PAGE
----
Facilitating Scholarship Success through a Collaborative Faculty Group

Tuesday, 10 November 2015: 10:00 AM

Camille Payne, PhD, MSN, BSN, RN1
Rachel E. Myers, PhD, RN, CDE1
Judith L. Hold, EdD, BSN, MSN, RN2
(1)WellStar School of Nursing, Kennesaw State University, Kennesaw, GA, USA
(2)Wellstar School of Nursing, Kennesaw State University, Kennesaw, GA, USA

New faculty entering the world of academia often struggle with meeting university requirements for research and scholarship endeavors. In addition, balancing role expectations for teaching, service and scholarship can seem overwhelming. Furthermore, advancing nursing through the development of new and applied knowledge is not only essential for the individual, but vital for growth of nursing as a profession. This presentation will share strategies for successful faculty collaboration to achieve and balance role expectations for teaching, service and scholarship.

Nursing faculty have reported many barriers to scholarship development and writing for publication, including inexperience, lack of scholar mentors, time constraints, workload issues (e.g., teaching and meeting demands), anxiety and fear of failing, and lack of colleagueship (Heinrich & Oberleitner, 2012; Ness, Duffy, McCallum, & Price, 2014).  These barriers can interfere with a faculty member’s progress in defining and achieving a scholarship program and meeting role expectations.

Setting up a program of research, and learning to write for grants can be a time consuming and arduous process, as not all schools and universities have research departments or personnel to provide support and guidance to individual faculty.  Faculty members in some institutions have attempted to address this gap by forming collaborative groups which have been found to help increase scholarly productivity (Ness et al., 2014). A review of the literature, however, reveals this strategy to be underutilized.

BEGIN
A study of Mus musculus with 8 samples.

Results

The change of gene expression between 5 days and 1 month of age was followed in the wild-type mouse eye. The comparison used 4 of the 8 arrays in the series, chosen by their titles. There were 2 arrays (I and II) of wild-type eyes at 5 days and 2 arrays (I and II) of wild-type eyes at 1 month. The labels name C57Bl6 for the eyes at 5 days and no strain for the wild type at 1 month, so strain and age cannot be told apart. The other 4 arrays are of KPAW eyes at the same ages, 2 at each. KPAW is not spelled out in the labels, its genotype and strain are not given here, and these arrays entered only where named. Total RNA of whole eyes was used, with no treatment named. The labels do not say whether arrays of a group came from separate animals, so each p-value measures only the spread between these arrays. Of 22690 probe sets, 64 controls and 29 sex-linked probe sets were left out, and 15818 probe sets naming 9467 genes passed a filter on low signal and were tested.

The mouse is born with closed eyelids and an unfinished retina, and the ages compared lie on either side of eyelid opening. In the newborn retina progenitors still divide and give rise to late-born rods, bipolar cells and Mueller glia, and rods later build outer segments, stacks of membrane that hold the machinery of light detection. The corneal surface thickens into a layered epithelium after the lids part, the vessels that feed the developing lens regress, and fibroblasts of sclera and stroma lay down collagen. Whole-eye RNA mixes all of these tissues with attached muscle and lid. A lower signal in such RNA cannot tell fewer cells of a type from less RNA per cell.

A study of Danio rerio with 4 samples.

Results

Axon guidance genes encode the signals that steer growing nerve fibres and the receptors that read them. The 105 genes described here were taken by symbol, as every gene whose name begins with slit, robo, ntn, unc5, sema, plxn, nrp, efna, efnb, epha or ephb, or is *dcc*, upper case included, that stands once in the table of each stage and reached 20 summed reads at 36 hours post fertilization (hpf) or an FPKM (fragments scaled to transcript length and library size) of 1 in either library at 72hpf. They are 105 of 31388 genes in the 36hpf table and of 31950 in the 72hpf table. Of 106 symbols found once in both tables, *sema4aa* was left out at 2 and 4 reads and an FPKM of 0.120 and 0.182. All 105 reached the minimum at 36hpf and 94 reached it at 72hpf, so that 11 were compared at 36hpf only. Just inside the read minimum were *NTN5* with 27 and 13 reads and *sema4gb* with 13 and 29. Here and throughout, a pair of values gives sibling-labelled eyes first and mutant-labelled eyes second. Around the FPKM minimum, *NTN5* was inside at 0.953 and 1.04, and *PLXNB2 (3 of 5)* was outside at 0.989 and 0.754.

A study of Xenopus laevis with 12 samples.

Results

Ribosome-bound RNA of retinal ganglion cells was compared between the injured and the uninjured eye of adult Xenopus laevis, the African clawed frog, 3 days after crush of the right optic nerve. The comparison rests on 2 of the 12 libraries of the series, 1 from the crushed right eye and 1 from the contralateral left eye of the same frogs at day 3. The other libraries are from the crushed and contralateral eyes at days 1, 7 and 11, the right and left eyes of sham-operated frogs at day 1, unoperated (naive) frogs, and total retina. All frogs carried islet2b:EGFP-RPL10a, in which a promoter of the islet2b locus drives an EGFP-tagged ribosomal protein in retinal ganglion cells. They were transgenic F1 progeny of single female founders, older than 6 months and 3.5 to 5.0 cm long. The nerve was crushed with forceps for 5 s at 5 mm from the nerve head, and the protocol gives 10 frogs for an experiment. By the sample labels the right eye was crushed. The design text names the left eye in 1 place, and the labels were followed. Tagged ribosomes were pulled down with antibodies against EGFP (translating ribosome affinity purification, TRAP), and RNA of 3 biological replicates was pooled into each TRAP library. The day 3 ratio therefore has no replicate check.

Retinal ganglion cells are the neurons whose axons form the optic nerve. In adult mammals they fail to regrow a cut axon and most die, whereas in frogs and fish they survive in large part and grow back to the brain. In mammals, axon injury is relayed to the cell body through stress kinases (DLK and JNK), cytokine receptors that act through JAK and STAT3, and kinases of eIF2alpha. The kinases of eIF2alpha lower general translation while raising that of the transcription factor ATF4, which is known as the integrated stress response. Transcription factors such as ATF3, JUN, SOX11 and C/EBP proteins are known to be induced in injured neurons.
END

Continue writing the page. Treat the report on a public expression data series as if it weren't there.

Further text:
In one comprehensive Southeastern university, three tenure track faculty members established a collaborative faculty scholarship group to provide peer support and encouragement in order to cultivate clear individual research programs and goals.  Although the initial goals of this group were simply to meet regularly, and to set and achieve realistic short and long term goals, the combined energy and strengths of the members enabled achievement at a higher level than anticipated.

While not a part of the intentionality of the collaboration, as the group evolved, the three members were able to work both individually and collectively to generate presentations, articles and grants.  Several factors contributed to this success, such as small group size, frequent and regular meetings, and holding each other accountable.  In the initial ten months of collaborative efforts, combined achievements included 5 submitted grants (3 funded), 8 submitted scholarly articles (5 accepted; 3 decisions pending), and 12 submitted and accepted state, national and international podium or poster presentations. These outcomes suggest that this innovative faculty group strategy can be used as a model to promote collaborative nursing and interprofessional scholarship.